Last month I had the privilege of watching the new Superman movie, Man of Steel. In spite of mediocre reviews by critics (one critic described the film as “nothing but tortuous exposition, heavy-handed symbolism, criminally ill-used actors and a numbing finale that would be right at home in a Transformers sequel. It’s one massive superbore.”), I greatly enjoyed the film. In my opinion, Zack Snyder delivered a Superman sufficient to our 21st century expectations, and we have high expectations.
The film stars Henry Cavill, a strikingly handsome actor from England who has the thespian talent to make us believe that he was actually reared in America’s heartland. And with stellar supporting performances from acclaimed actors like Russell Crowe, Kevin Costner, Diane Lane, Amy Adams, and Laurence Fishburne, the film is far from a “superbore.”
The excellent performance by the actors contributes to the equally well-executed work by Zack Snyder, who directed the film, and David S. Goyer and Christopher Nolan, the screenwriters. The work of these storytellers does not disappoint. Snyder, who is best known for his direction of 300, brings his penchant for intricate and mesmerizing action sequences to Man of Steel. And the Goyer/Nolan reunion — the architects behind the recent Batman trilogy — delivers a plot that captures the sense of alienation, doubt, and fear that Clark Kent/Kal-El endures as the quintessential outsider. Together, Snyder, Goyer, and Nolan render a narrative that is emotionally complex without sacrificing a bit of action.
Watching the film the day before Father’s Day drew my attention to an important aspect of the story: the role of Superman’s fathers upon his existential trajectory. Superman, as we know, has two fathers. His biological father is Jor-El (played by Crowe), a scientist from the Planet Krypton who is able to offer sage advice to his son through sophisticated Kryptonian technology allowing his consciousness to communicate with his son across time and space. Superman’s earthly father is Jonathan Kent (played by Costner). The elder Kent is a soft-spoken Kansas farmer who raises Clark as his own son, passing on wholesome values and commonsense.
At the heart of the story is the decision Superman must make with respect to humankind. Will they reject him as the alien that he is if he reveals his true powers to them or will they embrace his giftedness as a blessing? Jor-El sends his son to earth at the brink of Krypton’s apocalypse in the hope that his son might find a future beyond the determinism of Kryptonian society (on Krypton, children are genetically engineered to fill a particular role in society: warrior, worker, etc.). Fully aware that his son will have great power on earth, Jor-El tells his wife, Lara, “He will be a god to them.” As Superman comes of age at 33 years old (okay, maybe the symbolism is a bit heavy-handed), Jor-El expresses his desire that that his son would reveal his true identity to the people of earth in order to promote hope and peace, declaring, “You will give the people an ideal to strive toward. They will race behind you, they will stumble, they will fall. But in time, they will join you in the sun. In time, you will help them accomplish wonders.”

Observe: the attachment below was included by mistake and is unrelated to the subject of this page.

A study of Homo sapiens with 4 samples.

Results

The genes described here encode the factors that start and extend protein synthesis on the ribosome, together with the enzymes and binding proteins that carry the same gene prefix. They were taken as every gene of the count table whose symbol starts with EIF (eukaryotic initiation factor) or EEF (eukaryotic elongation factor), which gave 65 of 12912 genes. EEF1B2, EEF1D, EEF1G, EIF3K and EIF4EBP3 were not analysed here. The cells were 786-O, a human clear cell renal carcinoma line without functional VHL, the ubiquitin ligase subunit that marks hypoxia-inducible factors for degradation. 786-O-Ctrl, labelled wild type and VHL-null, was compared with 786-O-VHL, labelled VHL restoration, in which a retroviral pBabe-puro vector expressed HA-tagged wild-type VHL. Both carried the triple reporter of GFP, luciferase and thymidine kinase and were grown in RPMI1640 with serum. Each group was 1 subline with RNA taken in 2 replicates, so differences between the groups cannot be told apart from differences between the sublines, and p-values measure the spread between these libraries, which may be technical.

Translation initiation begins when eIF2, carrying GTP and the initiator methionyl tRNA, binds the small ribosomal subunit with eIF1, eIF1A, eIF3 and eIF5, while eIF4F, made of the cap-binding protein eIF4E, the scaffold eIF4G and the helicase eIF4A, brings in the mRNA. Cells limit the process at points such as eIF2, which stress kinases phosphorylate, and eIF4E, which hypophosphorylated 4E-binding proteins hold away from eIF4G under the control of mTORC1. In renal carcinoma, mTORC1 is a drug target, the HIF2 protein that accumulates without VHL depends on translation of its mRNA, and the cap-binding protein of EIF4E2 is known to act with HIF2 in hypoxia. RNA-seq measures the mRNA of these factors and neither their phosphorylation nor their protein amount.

On the other hand, Jonathan Kent is fearful that if his adopted son reveals his true identity the people will fear and ultimately kill him. He encourages young Clark to keep his identity secret until he is ready to become the man he was destined to be. Jonathan tells his son, “You’re not just anyone. One day, you’re going to have to make a choice. You’ll have to decide what kind of man you want to grow up to be. Whoever that man is, good character or bad, he’s going to change the world.”
Man of Steel presents some interesting facets of fatherhood for preachers to consider. Jesus’ own preferred designation for God was Father, a term imbued with a great deal of semantic possibility. Feminist theologians and biblical scholars remind us that the appellation Father is complicatedly entwined with various kinds of misogyny and patriarchal systems. To what degree is the metaphor of father sufficient to God? Moreover, amidst the various types of fathers, what kind of father do we understand God to be? If nothing else, Man of Steel offers preachers an opportunity for thinking of the father metaphor on a deeper level. Knowing the dangers the contemporary world presents, does our Heavenly Father fear for our safety above all? Or perhaps, recognizing these dangers, God wills for us to risk alienation and persecution for the hope of a better world.